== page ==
Learned behavior: Unlearned behavior

Tomorrow a bullying will happen.  My father and his girlfriend are driving 1,000 frozen miles to bully my aunt.  We’re both scared.  Angry.  His MO is to get you in a situation where it’s difficult to leave – a restaurant where the food has just been served, or a car miles from home, and start in.  You leave bloody and bereft of any feelings of self-worth.  He’s proven his case against you theologically: He’s against you, God’s against you, you are a piece of shit.  His draconian actions against you are totally warranted.

When I was very little, my mother would make us confess all of our sins to her every night in the dark, and ask for forgiveness.  I remember white baby-print sheets bunched in my hand, tears, and “you have to tell everything or you won’t be forgiven and will go to hell”. Every secret sin, mean feeling, childish jealousy, and plea for privacy was harboring sin.  I felt worthless, naked and ashamed. All information garnered could be used against you later.  Scientology without the hardware store components. Thus began my nightly reviews of all the evil I have done, which continue to this day.

But back to my aunt who will be bullied tomorrow.  We are scared, trying to think of how to minimize the damage, cowering, making plans for getting away.  A wall of anger in me wants to stand up and threaten my dad with something he so dreads that he will keep his maw shut.  It’s still bullying when you protect someone else by bullying, isn’t it? But not protecting is complicity and falling into learned behaviors of helplessness.  You can’t win.  Just a little something to beat myself up about later.

It’s beginning to make sense why he didn’t defend me from bullies when I was in school.  He thinks victims are weak and deserve what they get if they don’t stand up for themselves.  Well.  I think it’s time.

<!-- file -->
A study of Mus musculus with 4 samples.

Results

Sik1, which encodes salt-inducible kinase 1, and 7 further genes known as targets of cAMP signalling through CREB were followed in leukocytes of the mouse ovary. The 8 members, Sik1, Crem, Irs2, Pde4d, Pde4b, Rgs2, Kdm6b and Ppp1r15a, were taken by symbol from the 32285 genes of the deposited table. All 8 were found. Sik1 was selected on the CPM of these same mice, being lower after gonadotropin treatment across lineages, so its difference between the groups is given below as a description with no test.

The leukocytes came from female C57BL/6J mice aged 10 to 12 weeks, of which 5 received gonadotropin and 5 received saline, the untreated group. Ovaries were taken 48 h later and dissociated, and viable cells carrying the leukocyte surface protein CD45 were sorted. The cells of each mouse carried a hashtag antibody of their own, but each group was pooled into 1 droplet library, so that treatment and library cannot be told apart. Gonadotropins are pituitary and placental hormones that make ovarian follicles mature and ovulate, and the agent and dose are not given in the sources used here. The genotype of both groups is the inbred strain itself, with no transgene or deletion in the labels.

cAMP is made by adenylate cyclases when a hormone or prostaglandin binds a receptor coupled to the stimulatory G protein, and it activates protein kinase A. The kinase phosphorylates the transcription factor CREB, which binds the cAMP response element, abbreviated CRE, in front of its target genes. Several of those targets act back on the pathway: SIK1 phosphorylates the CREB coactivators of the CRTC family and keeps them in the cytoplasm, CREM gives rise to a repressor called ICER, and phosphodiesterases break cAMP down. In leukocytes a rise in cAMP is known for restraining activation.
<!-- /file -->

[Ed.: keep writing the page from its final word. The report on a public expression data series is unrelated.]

Just do it

When I am depressed or suicidal, I can always count on one friend to remind me that there’s light at the end of the tunnel, that it’s always darkest before the dawn, that everything happens for a reason, and that when God closes a door, he opens a window.  This happens at the end of a conversation when she is trying to dismiss me nicely.  It’s a little explanation of what I’m doing wrong  Being depressed is a bad decision which I can correct by by force of will, and I have foolishly chosen not to.  It’s a blame and shame game. My friend never doubts whether there really is light at the end of the tunnel, or where the window would be for young girls sold into slavery and prostitution in far-away countries.

You get bitter or you get better.  Just let it go.  Why can’t you just get on with it?   Memories tend to fade for most people, but mine are as vivid and detailed as if they happened yesterday.  But mine imprint. It plays horror movies and excruciating conversations in my head over and over and over and over.  My friend assumes I could pick up the remote and shut it off, and just say: Be gone!  Go!  And all would be well.  I just refuse to.  Blame and shame, untrue and cruel.  Like Trump sayings, repeated often enough, our clichés are believed.

Just believe in yourself, and you can be successful and happy.  Just say over and over to yourself “I am worthy of love.  I am worthy of healing.  I am worthy of greatness.” Self-esteem is a floaty thing when you’re delusional: Sometimes I think I can run the world, and sometimes the voices tell me I am a worthless piece of shit and need to die immediately.  Sometimes I’m a well-respected professor with a BFD Ph.D., and other times I’m an inmate in a psych ward unable to see what’s reality and what’s just in my head. Believing in yourself doesn’t have nearly the power to change the world that people think it does.

Replace negative thoughts with positive ones, and you’ll start having positive results.. If I only put the effort into changing to positive thoughts, I would be fine. It’s so simple; why haven’t I done it?

So stop telling me that there’s light at the end of my tunnel.  I keep moving forward out of habit, not hope.  I’ve made lemonade, and drank  it, offered you some.  It’s not communion wine, and I don’t get the salvation from it that my friend thinks I should. Down deep it’s blame and shame that I’m just not putting forth the effort.  I don’t see the light at the end of the tunnel because I’m stubborn, lazy and blind.